Technology and capacity of the Freifunk network in Fürth
Florian Schimmer shows us the technology behind the backbone of Freifunk Franken. We are starting at the relay station where three Ubiquiti NanoStations M2 are currently in use. These devices are running the Freifunk firmware and directly use the B.A.T.M.A.N Advanced Meshing Protocol. The network is connected to the relay station in 800 meters distance, which will soon be upgraded to a 5 GHz Ubiquiti LiteBeam antenna.
For another radio link that is currently set up in Nuremberg, MikroTik's SXT 5 ac hardware is used. The goal is a link over 700 meters with a bandwidth of more than 200 Mbit/s. In the city of Haßfurt, only NanoStations Loco M2 working in the 2.4 GHz band are used. All Ubiquiti devices were equipped with the firmware of Freifunk Franken. Therefore, the routers only need to be powered via PoE as they are connected in a mesh. Due to the custom firmware, access point and mesh scenarios can be set up simultaneously, with the result that routers can establish a wireless bridge to other routers and serve many clients at the same time. This setup has proven itself and can serve up to 50 clients per access point. The bandwidth is shared between all users, but browsers and messengers still run smoothly
The City Network
Several NanoStations are mounted on the highest towers of the city and establish wireless bridges to other NanoStations that have access to the VPN backbone. This way, the signals from multiple uplink routers are available.
As the city center of Haßfurt consists for the most part of a main shopping street, the whole city center could be covered with only one NanoStation. The radio links are fairly stable at distances of up to 1.5 km, though they cross populated areas.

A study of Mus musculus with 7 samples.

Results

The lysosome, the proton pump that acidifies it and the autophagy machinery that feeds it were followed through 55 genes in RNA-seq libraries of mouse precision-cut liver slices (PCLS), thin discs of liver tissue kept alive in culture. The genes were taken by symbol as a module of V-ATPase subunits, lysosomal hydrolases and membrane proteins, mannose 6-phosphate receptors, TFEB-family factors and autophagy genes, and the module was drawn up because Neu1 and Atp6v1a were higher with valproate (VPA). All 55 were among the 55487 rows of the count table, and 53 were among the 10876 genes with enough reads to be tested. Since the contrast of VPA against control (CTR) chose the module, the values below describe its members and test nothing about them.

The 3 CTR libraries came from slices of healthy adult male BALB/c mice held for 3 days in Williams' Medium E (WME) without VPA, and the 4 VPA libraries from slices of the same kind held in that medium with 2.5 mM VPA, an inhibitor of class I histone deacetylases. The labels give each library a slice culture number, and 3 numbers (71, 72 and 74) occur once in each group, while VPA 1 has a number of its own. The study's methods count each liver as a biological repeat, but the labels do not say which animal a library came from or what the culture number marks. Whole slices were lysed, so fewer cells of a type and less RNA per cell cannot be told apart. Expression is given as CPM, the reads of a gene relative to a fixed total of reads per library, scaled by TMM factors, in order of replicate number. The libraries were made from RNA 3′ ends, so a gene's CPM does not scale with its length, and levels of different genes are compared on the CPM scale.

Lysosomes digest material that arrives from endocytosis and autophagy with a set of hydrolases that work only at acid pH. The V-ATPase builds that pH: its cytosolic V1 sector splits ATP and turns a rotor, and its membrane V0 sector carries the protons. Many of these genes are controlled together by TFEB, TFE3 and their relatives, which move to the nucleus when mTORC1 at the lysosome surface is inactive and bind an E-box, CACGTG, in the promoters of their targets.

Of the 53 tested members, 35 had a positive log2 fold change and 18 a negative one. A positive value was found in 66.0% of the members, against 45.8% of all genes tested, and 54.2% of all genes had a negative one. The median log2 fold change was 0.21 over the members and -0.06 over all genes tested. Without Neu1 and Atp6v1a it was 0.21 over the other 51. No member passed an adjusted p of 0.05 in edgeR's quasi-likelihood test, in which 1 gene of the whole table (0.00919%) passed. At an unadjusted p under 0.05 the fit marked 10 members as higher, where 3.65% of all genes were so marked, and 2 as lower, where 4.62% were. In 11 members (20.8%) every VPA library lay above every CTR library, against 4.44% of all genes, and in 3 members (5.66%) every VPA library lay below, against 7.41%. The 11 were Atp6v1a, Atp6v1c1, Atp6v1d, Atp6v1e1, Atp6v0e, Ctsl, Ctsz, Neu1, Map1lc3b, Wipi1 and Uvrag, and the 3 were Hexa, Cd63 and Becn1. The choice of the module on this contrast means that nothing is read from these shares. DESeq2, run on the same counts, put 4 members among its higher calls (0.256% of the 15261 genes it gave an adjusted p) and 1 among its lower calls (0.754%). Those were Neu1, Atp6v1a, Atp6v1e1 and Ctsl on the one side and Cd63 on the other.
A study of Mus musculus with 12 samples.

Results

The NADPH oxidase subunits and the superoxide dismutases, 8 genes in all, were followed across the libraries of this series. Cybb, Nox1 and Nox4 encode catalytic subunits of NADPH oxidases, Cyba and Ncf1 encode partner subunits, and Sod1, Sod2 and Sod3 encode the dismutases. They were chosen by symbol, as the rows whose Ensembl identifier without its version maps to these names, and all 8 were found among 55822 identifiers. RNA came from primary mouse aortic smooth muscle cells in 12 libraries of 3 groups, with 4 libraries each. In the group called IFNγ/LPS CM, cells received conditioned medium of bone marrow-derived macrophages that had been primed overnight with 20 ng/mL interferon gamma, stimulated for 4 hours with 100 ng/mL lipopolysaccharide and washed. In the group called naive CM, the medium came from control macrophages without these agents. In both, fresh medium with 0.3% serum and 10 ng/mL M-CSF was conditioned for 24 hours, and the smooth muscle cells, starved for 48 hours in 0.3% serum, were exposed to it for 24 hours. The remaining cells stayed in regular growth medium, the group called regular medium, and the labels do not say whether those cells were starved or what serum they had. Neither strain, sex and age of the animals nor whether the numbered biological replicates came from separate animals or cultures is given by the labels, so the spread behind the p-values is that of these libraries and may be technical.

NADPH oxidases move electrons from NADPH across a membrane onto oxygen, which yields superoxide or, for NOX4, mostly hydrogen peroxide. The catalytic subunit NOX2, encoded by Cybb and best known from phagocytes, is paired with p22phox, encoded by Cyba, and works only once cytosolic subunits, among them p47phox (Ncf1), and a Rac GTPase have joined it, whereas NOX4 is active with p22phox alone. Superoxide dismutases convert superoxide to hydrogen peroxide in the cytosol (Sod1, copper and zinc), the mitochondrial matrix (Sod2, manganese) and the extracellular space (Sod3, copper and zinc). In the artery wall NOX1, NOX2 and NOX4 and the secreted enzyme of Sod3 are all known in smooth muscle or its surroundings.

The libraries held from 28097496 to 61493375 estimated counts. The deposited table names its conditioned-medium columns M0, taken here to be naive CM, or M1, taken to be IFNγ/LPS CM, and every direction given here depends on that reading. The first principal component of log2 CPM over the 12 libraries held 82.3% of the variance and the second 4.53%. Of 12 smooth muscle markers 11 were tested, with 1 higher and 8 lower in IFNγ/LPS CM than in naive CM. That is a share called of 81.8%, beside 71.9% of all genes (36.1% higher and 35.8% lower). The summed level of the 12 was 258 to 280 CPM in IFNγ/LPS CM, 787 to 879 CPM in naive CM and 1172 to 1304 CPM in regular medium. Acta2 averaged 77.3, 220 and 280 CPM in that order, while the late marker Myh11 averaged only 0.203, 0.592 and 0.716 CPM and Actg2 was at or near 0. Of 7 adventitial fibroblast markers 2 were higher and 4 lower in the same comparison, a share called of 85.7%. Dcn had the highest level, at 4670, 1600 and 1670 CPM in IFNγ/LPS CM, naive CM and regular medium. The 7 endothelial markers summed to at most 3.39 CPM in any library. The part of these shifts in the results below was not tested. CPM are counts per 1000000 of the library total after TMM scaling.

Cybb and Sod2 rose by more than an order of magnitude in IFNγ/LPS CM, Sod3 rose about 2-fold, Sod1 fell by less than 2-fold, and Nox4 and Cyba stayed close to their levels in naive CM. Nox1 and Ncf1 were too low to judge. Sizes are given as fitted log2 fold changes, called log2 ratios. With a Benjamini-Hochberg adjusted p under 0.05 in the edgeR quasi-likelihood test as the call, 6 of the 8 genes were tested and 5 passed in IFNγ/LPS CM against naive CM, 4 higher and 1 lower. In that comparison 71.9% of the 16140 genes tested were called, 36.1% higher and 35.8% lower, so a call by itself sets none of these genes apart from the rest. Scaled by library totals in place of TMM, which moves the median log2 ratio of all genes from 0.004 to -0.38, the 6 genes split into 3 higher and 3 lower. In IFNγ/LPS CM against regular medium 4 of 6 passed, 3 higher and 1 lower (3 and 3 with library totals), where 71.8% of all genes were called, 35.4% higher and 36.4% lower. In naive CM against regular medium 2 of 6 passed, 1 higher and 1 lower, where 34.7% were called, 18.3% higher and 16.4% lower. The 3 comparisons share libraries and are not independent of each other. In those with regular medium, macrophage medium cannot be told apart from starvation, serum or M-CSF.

For an appropriate use of the tower at Nuremberg's “Nachbarschaftshaus Gostenhof“, it was decided to install three NSM2 running the Freifunk firmware to provide free Internet to the neighborhood. This way, Freifunk Fürth allows pedestrians a simple use of the network and provides local residents with uncomplicated peering possibilities in the 2.4 GHz band. In contrast to such local provisions for which the 2.4 GHz band is used, the 5 GHz was used to connect the site to distant Freifunk locations.
For this purpose, three locoM5 and one NSM5 that run the original Ubiquiti firmware are used. The advantage here is that the original driver software and Ubiquiti's proprietary TDMA protocol can be used. Consequently, the tower can receive several uplinks over 0.5 to 1.5 km. Thanks to this basic infrastructure, the tower could also be used immediately to provide Internet to refugees at a nearby reception center. Internally, the NanoStations are connected via a ToughSwitch that enables both the separation into VLANs as well as the supply of PoE.